Good morning, Camden Chatters.
MLB’s awards season is upon us, and while the Orioles were shut out of the Gold Glove voting earlier this week, chances are they’ll fare much better in the Baseball Writers Association of America balloting. The four major BBWAA awards will be presented next week, and last night the three “finalists” for each category were revealed, including Gunnar Henderson for AL Rookie of the Year and Brandon Hyde for AL Manager of the Year.
That the two were finalists is no surprise. The only surprise will be if either of them doesn’t win, as both Henderson and Hyde are more than deserving of the accolades. Gunnar led all AL rookies in several major offensive statistics — including homers (28), RBIs (82), and runs (100) — while playing sensational defense at both third base and shortstop, emerging as the best player on the 101-win Orioles. By FanGraphs’ WAR, Henderson’s 4.6 far outpaces any other AL rookie, including the other two finalists, Guardians right-hander Tanner Bibee (3.0) and Red Sox first baseman Triston Casas (1.7), both of whom played for losing teams. It’d be hard for any voter, old-school or new, to make an argument against Henderson.
The Rookie of the Year winner will be announced on Monday, and barring a shocking upset, Henderson will be the first Orioles player to win a BBWAA award since Cal Ripken’s AL Most Valuable Player honors in 1991.
When the Manager of the Year winners are revealed next Tuesday, Hyde, too, should be a shoo-in for victory. Despite what you may hear from the Twitter trolls who complain about every O’s lineup Hyde writes, the skipper did a brilliant job guiding the Birds to the best record in the American League and their first 101-win season in 44 years. That he did it with a team that lost 100+ games three times in a row in the last half-decade, and was predicted by pundits to finish below .500 again this year, made the accomplishment all the more remarkable. I will say it’s probably a good thing for Hyde that the voting was conducted at the end of the regular season, not the postseason, or else Bruce Bochy would have a strong case based on the Rangers’ World Series win.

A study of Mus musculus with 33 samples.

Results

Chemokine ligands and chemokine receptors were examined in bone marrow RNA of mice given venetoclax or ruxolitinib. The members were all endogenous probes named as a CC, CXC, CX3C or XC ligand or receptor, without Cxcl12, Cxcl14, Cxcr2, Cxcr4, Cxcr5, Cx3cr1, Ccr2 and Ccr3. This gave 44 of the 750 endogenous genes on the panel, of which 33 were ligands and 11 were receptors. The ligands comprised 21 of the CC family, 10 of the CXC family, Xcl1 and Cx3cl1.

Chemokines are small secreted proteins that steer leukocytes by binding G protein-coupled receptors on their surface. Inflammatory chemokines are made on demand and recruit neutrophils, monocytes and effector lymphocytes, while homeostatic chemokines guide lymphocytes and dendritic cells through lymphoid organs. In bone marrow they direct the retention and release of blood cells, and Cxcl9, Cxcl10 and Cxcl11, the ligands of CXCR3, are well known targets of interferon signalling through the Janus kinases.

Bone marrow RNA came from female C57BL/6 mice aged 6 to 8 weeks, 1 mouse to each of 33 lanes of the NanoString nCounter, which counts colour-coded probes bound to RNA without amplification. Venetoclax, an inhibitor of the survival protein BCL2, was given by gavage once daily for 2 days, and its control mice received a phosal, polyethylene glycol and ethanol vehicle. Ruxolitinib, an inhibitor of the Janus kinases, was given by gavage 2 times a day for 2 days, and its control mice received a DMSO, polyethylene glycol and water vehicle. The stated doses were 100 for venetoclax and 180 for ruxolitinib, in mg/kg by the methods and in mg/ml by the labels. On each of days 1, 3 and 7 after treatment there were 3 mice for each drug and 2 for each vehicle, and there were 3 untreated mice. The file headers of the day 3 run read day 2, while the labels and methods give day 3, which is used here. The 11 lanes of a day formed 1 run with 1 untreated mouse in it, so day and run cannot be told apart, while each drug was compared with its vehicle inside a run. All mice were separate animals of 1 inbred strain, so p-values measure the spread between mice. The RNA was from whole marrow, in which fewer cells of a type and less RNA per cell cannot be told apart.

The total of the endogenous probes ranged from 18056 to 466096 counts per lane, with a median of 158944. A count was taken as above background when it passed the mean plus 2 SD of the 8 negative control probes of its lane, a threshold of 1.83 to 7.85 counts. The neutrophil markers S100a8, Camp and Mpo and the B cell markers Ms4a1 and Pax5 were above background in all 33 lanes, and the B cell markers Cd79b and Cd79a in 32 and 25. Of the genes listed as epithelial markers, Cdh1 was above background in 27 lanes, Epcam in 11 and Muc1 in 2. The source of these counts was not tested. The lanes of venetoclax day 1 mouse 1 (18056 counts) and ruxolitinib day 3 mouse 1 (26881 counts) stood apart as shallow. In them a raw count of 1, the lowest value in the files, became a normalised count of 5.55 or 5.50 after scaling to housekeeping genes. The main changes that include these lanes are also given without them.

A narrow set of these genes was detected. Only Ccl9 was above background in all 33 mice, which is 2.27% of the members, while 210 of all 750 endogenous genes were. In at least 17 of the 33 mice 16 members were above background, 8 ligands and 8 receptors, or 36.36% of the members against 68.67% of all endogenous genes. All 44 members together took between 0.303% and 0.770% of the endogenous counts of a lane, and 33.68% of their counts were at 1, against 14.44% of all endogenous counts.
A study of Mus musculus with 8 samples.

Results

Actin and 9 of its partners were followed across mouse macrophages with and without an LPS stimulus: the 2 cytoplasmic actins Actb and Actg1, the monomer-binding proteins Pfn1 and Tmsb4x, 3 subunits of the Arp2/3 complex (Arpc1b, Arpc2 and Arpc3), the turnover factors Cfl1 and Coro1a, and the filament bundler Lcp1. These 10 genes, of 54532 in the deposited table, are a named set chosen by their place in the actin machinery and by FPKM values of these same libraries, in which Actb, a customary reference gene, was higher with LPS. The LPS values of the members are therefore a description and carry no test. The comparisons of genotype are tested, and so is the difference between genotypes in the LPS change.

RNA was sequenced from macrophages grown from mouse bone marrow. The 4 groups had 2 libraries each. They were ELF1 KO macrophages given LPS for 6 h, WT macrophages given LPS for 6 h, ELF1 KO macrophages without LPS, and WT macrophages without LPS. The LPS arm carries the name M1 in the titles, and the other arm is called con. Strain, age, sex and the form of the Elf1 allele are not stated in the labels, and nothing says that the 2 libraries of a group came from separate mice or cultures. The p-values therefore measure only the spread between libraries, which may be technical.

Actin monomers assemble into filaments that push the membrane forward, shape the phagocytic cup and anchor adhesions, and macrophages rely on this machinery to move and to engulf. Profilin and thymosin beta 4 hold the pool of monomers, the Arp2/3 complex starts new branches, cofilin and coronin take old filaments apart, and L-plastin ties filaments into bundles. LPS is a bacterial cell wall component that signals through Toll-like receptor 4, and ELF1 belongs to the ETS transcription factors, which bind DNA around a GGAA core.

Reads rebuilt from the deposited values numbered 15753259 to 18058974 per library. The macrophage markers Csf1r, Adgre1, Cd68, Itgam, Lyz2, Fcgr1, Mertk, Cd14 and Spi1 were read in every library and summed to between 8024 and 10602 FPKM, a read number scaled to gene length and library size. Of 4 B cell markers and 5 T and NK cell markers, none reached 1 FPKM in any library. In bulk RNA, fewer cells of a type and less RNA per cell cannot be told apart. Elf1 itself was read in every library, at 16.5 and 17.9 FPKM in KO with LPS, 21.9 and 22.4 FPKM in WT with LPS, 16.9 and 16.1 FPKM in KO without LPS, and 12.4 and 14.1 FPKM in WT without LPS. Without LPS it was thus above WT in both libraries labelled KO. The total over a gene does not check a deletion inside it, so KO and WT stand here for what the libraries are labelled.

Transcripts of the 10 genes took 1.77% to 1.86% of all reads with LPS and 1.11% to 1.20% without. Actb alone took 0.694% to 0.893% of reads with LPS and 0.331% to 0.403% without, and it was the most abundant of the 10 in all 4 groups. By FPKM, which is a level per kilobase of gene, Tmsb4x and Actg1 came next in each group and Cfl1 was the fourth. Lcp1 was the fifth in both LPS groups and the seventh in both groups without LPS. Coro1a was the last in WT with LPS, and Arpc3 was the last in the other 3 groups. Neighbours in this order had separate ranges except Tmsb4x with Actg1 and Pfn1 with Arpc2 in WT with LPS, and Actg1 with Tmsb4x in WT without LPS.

It wasn’t that long ago that the Orioles were as much of a non-factor in the BBWAA awards as they were on the field. Now the Birds have a successful, winning ballclub and some standout individual performances to go with it. Things truly have changed for the better.
Orioles roundtable: Looking at offseason’s top priorities, potential fits and more - Baltimore Sun
The three panelists each gave a different answer about the Orioles’ top offseason priority. For a 101-win team, it seems like the Orioles have kind of a lot of priorities.
Jon Meoli: Westburg’s rookie season is a lesson for other Orioles prospects - The Baltimore Banner
Westburg didn’t have a Gunnar-esque breakout as a rookie, nor did he have a Colton Cowser-like flameout. He just posted up, played good defense, hit decently but not spectacularly, and was a solid contributor. That’ll work.
These 5 infielders could make sense in Baltimore - The Baltimore Banner
I don’t really think adding any infielders from outside the organization makes sense for the Orioles at this point, but you never know if they’ll be scrounging for the next Adam Frazier or Rougned Odor.
Orioles birthdays and history
Is today your birthday? Happy birthday! Three former Orioles were born on this day: outfielder Dariel Álvarez (35), right-hander Kris Benson (49), and the late first baseman Bob Hale (b. 1933, d. 2012).
On this day in 1989, Orioles closer Gregg Olson became the first relief pitcher ever to win the AL Rookie of the Year award, earning the honors after posting a 1.69 ERA with 27 saves in 64 games. Among the other AL rookies that Olson bested in the vote was the Seattle Mariners’ 19-year-old center fielder, Ken Griffey Jr. (Things turned out OK for him.) Thirty-four years later, Olson is still the most recent Oriole to win Rookie of the Year, a drought that should end six days from now.